By Rabbi Robin Foonberg, JEA; Ned Gladstein, USCJ; Cantor David Lipp, CA; Fred Rothstein, NAASE and Rabbi Stewart Vogel, RA
May 7, 2020 / 13 Iyar, 5780
Over the past several weeks, each of us – the Cantors Assembly (CA), Jewish Educators Assembly (JEA), North American Association of Synagogue Executives (NAASE), Rabbinical Assembly (RA) and United Synagogue of Conservative Judaism (USCJ) – has been working with synagogue leadership and colleagues within and across our networks to address the issues and to find the opportunities that Covid-19 has brought us.
We are each turning now to preparations for the High Holidays – how we’ll hold services, reopen buildings, engage our broad membership, and address the myriad of financial implications upon us.
We have therefore joined together as a movement to support you as we address the challenges and opportunities of the forthcoming High Holiday season. In each community, the clergy, professionals, and lay leadership will confer to find the right approach for their particular circumstances. So we, too, are coming together to address the issues that are interconnected and critical at this important time.
Beginning this week, and continuing for the next several months, a task force made up of professionals and lay leadership from the CA, JEA, NAASE, RA and USCJ will meet regularly, bringing together experts and stakeholders, and creating resources and best practices for our communities in preparation for the High Holiday season. The project will include regular communication with all of our members on upcoming webinars, articles, and other resources. We will be setting up a social platform designed to receive feedback and questions from all of you — our members, colleagues, and stakeholders — to be as inclusive and responsive as possible. This will allow each of us to contribute learnings and best practices for our unique community.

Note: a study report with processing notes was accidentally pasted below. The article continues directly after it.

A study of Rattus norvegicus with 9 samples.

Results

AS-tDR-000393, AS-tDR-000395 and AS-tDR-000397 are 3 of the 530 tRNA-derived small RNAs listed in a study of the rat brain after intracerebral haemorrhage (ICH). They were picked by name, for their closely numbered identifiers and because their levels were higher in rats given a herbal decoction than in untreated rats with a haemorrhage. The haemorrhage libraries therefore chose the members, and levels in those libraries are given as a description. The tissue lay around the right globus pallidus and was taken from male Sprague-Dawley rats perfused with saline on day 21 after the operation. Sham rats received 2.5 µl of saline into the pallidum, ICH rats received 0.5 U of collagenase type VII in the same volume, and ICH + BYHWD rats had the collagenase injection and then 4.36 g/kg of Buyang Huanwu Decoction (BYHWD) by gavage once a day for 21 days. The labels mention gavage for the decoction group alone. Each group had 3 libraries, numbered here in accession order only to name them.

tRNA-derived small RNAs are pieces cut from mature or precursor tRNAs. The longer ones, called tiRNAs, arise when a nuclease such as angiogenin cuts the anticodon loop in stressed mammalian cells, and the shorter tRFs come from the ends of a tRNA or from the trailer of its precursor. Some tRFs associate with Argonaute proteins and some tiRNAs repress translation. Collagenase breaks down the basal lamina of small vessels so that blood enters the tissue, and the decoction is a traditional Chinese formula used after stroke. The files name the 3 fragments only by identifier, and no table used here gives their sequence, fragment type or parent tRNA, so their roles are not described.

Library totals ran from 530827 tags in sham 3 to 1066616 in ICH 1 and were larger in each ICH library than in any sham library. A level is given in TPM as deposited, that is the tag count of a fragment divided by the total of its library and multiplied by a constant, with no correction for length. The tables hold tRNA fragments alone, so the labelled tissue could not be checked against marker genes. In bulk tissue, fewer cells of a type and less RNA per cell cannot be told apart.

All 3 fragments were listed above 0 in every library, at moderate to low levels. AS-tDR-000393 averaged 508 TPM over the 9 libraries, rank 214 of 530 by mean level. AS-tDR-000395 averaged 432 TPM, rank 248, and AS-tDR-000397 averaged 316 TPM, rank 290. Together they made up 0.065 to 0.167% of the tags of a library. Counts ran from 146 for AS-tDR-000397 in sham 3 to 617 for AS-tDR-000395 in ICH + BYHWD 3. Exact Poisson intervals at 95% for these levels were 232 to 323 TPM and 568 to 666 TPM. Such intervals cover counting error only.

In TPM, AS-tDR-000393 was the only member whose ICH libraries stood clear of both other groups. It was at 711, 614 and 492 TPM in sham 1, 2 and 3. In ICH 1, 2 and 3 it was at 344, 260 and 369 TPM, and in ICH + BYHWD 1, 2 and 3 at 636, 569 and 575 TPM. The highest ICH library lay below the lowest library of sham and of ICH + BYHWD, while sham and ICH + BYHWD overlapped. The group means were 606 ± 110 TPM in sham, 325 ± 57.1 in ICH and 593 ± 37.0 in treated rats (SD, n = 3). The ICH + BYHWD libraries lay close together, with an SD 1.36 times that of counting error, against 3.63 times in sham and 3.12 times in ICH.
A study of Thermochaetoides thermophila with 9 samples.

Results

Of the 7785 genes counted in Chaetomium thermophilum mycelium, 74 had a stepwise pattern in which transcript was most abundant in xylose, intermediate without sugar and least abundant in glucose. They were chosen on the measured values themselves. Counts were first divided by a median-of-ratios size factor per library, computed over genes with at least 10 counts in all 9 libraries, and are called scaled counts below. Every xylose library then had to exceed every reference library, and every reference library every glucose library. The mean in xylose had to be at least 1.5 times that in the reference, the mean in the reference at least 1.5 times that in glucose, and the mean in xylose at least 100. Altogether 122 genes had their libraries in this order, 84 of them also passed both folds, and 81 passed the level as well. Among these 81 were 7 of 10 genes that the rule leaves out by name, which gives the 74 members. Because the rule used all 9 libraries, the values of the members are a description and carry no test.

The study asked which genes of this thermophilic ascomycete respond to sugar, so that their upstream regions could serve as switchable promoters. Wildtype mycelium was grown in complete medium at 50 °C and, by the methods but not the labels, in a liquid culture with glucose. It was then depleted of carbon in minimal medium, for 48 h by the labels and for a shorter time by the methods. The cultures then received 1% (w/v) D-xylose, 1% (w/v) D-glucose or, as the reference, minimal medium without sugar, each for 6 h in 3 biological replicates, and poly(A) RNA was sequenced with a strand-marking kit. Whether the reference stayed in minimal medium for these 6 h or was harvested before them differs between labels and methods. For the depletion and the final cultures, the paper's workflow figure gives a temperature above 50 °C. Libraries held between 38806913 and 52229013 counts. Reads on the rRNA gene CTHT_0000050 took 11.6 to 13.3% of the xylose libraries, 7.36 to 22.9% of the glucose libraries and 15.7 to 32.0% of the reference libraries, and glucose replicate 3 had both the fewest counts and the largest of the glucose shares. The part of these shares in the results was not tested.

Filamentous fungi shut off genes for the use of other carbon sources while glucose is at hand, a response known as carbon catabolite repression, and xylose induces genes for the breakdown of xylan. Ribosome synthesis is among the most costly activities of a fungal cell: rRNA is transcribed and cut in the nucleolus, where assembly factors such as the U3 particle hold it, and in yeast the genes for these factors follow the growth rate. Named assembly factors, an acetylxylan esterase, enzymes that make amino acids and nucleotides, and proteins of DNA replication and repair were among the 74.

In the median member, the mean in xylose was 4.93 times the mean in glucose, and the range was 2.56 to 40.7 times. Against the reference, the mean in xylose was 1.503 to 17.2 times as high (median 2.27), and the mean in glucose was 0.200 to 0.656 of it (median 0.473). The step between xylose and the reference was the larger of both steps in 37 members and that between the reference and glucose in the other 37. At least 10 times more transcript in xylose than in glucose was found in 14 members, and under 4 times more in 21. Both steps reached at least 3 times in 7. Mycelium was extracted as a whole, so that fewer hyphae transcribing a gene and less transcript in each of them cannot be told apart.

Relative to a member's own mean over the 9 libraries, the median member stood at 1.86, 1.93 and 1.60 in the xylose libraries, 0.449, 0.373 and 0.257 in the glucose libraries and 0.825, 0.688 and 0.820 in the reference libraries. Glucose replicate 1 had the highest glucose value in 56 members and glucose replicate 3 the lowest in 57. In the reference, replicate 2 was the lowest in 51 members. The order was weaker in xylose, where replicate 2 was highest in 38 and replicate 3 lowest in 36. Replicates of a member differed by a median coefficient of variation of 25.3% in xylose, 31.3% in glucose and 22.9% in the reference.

We can learn from each other how to navigate these difficult times that are also replete with opportunities to engage our communities in new, compelling ways. We’ve seen, across synagogues, institutions, and USY, that community members who have never participated before are now stepping forward; some are even initiating new projects. We are both challenged and excited by the possibilities going forward. We have been inspired by the dedication and innovation each of you has brought to your community. Our effort here is to build on that. This is when our network of peers and colleagues shine – when we turn to each other and deepen our collaboration to enable us to each think, plan, and do more together than we can do alone.
Please reach out to your synagogue consultant with any questions.